12 Tips on Overcoming Heartbreak from Athletes Akiba McKinney, MacKenzie Hill, and Ann Gaffigan

6 years ago


As a child, Akiba McKinney remembers her step-grandfather betting his neighbors that his step-granddaughter could beat their grandson. Akiba would line up with the boys in the street, race them and win. Her step-grandfather would say, “I told you so!” and reward Akiba with a dollar bill. Now, she is a professional track & field athlete (and two-time national champ in the long jump) and still occasionally dabbles in racing grown men who think they can beat her!

Understand and accept. Understand that when you’re an athlete at any level, injuries come with the territory -- many of which may require surgery and extensive, sometimes painful rehabilitation! Injuries always seem to happen at the most inappropriate time (if there is ever an appropriate time). But a lack of understanding may cause one to make the decision to end their career prematurely or go through a bout of depression, self-pity or other forms of negative behavior. Find the good! Stay positive! Be inspired!
Listen to your body. Athletes have the unique gift of body awareness, but tend to be the most hardheaded when it comes to listening to their bodies! We get so wrapped up in trying to please pushy passive-aggressive coaches, agents, and sponsors, who at times treat athletes as machines. We then begin to believe we are machines and ignore that voice in our head that screams, “STOP," “REST MORE” or “SOMETHING IS WRONG." This is when injuries occur! LISTEN!
Have patience -- another thing most athletes lack. It is only after an injury that we learn the gift of patience! Ok, I’m lying -- it is only after an injury, and then a setback from pushing it a bit too much during rehabilitation, when we learn the beauty of patience. We then understand the bigger picture. Don’t learn the hard way -- be patient from the get-go!
Have fun. Once you are no longer having fun, it’s time for you to either move on or rediscover your passion. Be sure to surround yourself with the people who have your best interest at heart. After all, this is your life, your career, and your body.

MacKenzie Hill: Overcoming the Heartbreak of the Death of a Loved One

MacKenzie Hill was a high school superstar, setting records and winning championships in track & field on a state and national level. She went on to compete for the UCLA Bruins but did not seem to fit well with the program and was hampered by injuries. She moved away from California to get back on track. In 2008, her best friend and cousin Mickey died unexpectedly. Twelve days later, MacKenzie’s great aunt passed. In the midst of it all, MacKenzie suffered a seizure. Now, she has returned to California and is on a comeback to try to make the 2012 Olympics in the 400m hurdles.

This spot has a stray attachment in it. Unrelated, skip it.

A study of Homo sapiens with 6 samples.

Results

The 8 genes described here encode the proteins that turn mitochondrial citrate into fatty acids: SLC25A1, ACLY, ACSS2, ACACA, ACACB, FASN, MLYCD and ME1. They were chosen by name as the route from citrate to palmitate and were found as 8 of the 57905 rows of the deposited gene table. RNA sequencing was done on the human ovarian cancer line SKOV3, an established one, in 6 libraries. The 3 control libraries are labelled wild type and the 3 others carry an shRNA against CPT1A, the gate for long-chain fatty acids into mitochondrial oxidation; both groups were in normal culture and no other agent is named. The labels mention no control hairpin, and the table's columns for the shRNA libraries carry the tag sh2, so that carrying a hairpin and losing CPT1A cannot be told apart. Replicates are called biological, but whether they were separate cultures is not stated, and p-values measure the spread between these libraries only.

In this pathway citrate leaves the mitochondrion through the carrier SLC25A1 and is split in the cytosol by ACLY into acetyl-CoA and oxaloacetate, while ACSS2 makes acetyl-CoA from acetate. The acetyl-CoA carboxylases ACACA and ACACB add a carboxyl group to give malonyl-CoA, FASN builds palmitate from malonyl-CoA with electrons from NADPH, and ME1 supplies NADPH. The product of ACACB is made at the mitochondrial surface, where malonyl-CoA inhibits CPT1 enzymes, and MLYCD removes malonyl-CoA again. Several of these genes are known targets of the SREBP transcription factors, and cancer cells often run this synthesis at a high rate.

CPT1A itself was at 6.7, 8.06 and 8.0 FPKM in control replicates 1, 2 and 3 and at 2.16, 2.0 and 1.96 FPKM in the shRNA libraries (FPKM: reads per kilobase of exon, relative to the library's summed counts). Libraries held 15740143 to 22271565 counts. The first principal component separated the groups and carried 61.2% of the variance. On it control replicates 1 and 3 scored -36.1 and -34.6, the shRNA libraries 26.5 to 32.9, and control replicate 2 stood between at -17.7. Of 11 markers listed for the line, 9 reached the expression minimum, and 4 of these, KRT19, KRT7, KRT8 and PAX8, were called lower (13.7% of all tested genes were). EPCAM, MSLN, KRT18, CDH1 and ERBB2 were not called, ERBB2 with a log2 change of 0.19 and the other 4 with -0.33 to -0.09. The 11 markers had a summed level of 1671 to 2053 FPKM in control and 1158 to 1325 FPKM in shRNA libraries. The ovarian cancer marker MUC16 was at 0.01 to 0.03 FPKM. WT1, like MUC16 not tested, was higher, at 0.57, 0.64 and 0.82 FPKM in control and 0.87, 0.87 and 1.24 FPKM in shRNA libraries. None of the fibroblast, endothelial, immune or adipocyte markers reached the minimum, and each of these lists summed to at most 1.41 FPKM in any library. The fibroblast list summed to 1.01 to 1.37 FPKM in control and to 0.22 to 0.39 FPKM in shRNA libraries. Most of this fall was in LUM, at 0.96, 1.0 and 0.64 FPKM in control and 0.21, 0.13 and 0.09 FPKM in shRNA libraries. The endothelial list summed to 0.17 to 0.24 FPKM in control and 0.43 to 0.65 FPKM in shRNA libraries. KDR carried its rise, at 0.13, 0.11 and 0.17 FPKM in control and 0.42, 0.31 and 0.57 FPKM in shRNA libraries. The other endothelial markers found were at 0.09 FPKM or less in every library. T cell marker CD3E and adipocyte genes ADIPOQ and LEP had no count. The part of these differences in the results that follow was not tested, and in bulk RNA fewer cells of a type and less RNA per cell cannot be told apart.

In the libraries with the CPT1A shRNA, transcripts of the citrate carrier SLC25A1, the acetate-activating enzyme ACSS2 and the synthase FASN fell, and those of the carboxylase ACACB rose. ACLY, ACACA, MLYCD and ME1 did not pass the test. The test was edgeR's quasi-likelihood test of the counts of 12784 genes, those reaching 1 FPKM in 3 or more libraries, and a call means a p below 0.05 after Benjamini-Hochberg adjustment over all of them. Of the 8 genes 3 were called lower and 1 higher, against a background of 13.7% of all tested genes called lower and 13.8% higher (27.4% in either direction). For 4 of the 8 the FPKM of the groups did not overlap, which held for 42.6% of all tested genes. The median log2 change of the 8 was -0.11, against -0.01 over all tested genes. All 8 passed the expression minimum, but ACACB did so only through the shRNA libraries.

Accept what has happened with humility and grace. Understand that, as humans, the only thing we can really control is how we respond to the things that happen in our lives. Only then will you truly start your healing process.
Find joy in the memory of the times that you shared with your loved one, because it is through the gift of remembrance that you can keep them with you always.
Look for the new, almost indescribable spiritual connection to your loved one that will emerge if you are open to it and allow it to happen.
Most of all, find the positive in your situation -- the fact that you were allowed to spend time, however limited with someone you loved and who loved you… and run with it! To this day, I see my cousin in my dreams, feel her touch when I run around the track, hear her voice when I am thinking of things, and hear her laugh when I think funny thoughts. I still have new experiences that I share with her. I hope these tips can help others deal with heartbreak however it shows up in their lives.

Ann Gaffigan: Overcoming the Heartbreak of Failure

Ann Gaffigan won the steeplechase at the 2004 Olympic Trials, setting a then-American record. Since the steeplechase was not yet an Olympic event for women, she had to wait until 2008 for a chance to make the Olympic team. She did not perform as well as she did in 2004, placing tenth, and way behind the women who qualified to represent Team USA. Because of this experience, she has become an advocate for women’s sports, co-founding WomenTalkSports.com in February 2009.

Feel sorry for yourself for a limited amount of time. Give yourself a day or a week to cry, complain and pout -- and then once that time period is up, knock it off!
Don’t let your failure beat you down. Rise above. Consider your failure a challenge and not a defeat. Face what happened and figure out how you can use it as fuel for your fire…and then blaze on!
Learn from the situation. The best lessons come out of a disappointing experience, not a positive one. Overcoming adversity helps build confidence, so get to work on overcoming it!
Help others in similar situations. One of the best ways to cope with failure is to help others who have had similar experiences. Talk to them, connect them with people that can help, be an advocate and a leader in something you’re passionate about. Take what you’ve learned and use it to change the world.